Author: Reem Akl
Can you provide a brief introduction about yourself and your role at Rukungiri Women Integrated Development (RWIDF)?
My name is Vivian Ninsiima, and I’m a Gender and Advocacy Manager at Rukungiri Women Integrated Development Foundation (RWIDF). At RWIDF, we aim to enhance and transform the marginalized lives of women and girls, youth and adults. As the Gender and Advocacy Manager, I play a key role in ensuring that the organization's programs and activities are aligned with its mission and goals, and that we effectively address the needs and rights of women and girls in the communities where we operate. I also work on raising awareness and advocating for gender equality and women's rights, both within the organization and in the communities it serves.
What is the overall goal of RWIDF and what are the main issues that you aim to address?
The major aim of RWIDF is to enhance and transform marginalized women and girls, youth, and adults through transforming their lives. This includes empowering them economically, socially, and politically, and addressing the root causes of poverty and gender-based violence in their communities. When RWIDF was first started in 2002, there were a lot of issues of early marriages and domestic violence in their different communities. To address these issues, RWIDF implemented massive awareness campaigns, as well as programs and projects that aimed to improve the economic life of women and girls, so that they could be less dependent on men. This included starting up village savings and loans associations, which have helped women start their own income-generating activities.
How has RWIDF been able to empower women within their communities?
RWIDF has been able to empower women in their communities through a variety of programs and initiatives. One of the main ways we have empowered women is by providing them with access to financial resources through village savings and loans associations. These associations have helped women start their own small businesses and income-generating activities, which in turn has helped them become more financially independent. Additionally, we have worked extensively on educating women and girls about their rights, and have provided them with support and resources to report cases of domestic violence and other forms of gender-based violence. Through these efforts, over 30,000 women have been empowered.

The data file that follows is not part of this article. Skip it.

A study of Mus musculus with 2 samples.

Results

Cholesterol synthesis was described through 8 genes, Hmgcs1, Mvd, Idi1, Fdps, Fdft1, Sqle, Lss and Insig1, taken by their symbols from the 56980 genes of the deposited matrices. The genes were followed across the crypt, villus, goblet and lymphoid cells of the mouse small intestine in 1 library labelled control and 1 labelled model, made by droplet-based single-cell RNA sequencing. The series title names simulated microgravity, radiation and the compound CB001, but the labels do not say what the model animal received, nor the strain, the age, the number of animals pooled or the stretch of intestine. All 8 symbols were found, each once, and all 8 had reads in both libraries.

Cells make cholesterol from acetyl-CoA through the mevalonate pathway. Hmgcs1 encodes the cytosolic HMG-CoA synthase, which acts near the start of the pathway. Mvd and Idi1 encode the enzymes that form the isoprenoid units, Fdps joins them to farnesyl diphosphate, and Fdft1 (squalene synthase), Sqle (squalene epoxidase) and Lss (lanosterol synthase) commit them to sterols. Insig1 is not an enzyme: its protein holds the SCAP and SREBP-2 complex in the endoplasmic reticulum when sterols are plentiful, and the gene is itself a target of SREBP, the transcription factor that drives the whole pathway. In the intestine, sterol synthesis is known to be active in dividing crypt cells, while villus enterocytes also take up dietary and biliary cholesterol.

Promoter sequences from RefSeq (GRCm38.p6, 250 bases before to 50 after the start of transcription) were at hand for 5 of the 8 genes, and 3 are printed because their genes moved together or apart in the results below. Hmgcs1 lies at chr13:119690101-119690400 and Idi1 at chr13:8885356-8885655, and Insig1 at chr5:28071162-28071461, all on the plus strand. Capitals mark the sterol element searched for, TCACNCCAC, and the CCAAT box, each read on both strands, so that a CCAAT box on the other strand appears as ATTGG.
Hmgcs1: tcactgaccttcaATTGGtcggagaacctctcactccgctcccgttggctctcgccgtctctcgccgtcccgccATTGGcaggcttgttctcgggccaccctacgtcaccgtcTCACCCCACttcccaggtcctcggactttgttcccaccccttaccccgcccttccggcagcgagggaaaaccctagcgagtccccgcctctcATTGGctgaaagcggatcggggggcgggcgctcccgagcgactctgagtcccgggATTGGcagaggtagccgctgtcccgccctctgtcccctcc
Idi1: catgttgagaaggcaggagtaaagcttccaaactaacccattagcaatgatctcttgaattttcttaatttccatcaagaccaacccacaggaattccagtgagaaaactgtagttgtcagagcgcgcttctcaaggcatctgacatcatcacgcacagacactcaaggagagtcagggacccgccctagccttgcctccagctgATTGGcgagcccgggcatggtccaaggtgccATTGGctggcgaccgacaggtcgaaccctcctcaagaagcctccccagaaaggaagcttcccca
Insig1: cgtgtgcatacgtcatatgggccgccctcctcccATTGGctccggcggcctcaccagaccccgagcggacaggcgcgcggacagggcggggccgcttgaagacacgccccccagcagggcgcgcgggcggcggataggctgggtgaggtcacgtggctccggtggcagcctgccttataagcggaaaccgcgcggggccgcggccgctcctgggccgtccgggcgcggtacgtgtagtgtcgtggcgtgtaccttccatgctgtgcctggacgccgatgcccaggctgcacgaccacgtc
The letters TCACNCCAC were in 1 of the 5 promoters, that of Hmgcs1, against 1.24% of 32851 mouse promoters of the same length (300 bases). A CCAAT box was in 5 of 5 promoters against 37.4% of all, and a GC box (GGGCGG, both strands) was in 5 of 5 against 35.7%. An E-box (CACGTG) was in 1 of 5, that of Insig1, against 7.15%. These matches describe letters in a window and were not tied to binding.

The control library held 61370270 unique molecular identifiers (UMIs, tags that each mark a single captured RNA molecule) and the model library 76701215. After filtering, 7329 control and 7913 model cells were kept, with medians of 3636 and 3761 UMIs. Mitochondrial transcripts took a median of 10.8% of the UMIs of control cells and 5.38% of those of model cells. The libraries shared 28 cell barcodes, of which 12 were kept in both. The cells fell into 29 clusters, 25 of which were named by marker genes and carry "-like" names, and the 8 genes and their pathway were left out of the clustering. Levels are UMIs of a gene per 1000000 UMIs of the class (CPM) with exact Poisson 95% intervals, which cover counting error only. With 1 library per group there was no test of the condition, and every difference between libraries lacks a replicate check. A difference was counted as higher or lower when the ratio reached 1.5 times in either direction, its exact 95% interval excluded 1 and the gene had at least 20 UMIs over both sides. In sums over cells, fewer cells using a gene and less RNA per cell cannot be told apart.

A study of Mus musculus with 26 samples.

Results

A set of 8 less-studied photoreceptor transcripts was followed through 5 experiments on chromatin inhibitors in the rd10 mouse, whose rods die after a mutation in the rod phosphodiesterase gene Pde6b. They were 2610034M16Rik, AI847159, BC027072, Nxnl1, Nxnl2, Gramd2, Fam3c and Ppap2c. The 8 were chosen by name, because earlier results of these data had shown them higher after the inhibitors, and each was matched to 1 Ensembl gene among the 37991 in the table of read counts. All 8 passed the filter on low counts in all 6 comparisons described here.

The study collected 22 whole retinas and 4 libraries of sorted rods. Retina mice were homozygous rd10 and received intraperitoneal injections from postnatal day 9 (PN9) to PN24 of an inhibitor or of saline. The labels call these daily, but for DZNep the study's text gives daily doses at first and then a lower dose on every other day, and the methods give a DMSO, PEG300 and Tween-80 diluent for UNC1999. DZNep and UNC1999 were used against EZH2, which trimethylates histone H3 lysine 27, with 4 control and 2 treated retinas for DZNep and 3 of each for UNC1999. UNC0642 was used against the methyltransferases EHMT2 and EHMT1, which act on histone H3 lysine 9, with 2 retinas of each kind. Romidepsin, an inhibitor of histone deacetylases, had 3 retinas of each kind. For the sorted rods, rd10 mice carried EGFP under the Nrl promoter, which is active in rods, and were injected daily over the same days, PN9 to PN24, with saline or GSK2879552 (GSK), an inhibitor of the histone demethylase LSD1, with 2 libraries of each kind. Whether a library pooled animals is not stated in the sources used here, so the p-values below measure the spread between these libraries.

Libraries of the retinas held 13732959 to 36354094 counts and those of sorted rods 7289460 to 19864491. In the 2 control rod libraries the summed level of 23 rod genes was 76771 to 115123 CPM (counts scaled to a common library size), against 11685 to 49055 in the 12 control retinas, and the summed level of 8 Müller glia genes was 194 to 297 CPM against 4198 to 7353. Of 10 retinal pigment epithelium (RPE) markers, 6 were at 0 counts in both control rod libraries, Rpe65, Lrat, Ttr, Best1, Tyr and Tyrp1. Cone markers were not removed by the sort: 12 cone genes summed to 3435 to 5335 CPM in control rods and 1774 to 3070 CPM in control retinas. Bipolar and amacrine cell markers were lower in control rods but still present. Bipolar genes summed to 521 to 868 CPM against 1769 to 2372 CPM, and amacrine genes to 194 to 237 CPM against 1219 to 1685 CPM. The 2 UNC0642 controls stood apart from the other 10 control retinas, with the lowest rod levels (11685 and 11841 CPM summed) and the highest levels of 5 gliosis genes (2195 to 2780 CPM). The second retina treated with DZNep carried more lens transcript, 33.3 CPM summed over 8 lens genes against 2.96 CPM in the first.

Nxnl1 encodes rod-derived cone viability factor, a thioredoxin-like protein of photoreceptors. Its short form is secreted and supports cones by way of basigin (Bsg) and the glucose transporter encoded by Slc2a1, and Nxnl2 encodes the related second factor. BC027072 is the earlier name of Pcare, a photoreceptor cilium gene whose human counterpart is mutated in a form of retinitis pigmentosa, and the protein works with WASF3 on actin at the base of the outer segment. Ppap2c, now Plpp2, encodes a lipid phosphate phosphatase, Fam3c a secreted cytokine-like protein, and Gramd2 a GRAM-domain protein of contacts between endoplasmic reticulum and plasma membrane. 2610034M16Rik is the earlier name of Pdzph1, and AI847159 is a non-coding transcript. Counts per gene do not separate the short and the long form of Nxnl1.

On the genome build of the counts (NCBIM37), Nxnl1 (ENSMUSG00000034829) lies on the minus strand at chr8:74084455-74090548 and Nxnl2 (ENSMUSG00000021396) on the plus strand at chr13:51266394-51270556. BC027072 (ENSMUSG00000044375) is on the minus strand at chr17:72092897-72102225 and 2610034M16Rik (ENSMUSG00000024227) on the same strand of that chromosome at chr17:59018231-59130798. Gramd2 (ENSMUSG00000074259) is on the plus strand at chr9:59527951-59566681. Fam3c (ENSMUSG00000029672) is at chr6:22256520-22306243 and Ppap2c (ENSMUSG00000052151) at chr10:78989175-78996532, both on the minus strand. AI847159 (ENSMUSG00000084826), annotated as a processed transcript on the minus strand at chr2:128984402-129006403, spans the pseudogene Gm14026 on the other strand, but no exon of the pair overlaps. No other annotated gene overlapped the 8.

How does RWIDF involve men in their efforts to address domestic violence and other forms of gender-based violence?
We recognize that fighting against domestic violence is not a women's issue alone, and therefore we always ensure that we involve men in our efforts. We use the Male Engage Approach, which targets perpetrators in the society, trains and sensitizes them, mentors them to be good role models and pass this on to other families. Through this approach, RWIDF has trained about 1,000 role model men. We also involve local leaders in the creation of bylaws against issues such as early marriages, teenage pregnancies, and have also improved the judicial sector. We ensure men participate during inquiries at Community level.
What are RWIDF's plans for the future, and how do you hope to expand your work with the help of the award?
Our future plan includes continuing the same efforts to create campaigns against domestic violence. We aim to expand our reach to other sub-counties where we have not been able to strongly build our protection systems. Additionally, we hope to build on the savings and loan associations that we have created and to expand the number of women and girls who are able to start income-generating activities. We also intend to continue working closely with other stakeholders at both the grassroots level and the district level. The Princess Sabeeka Bint Ibrahim Al-Khalifa Award for Women’s Empowerment is expected to help us achieve these goals by enabling us to providing our partners with the resources and visibility they need to expand their impact.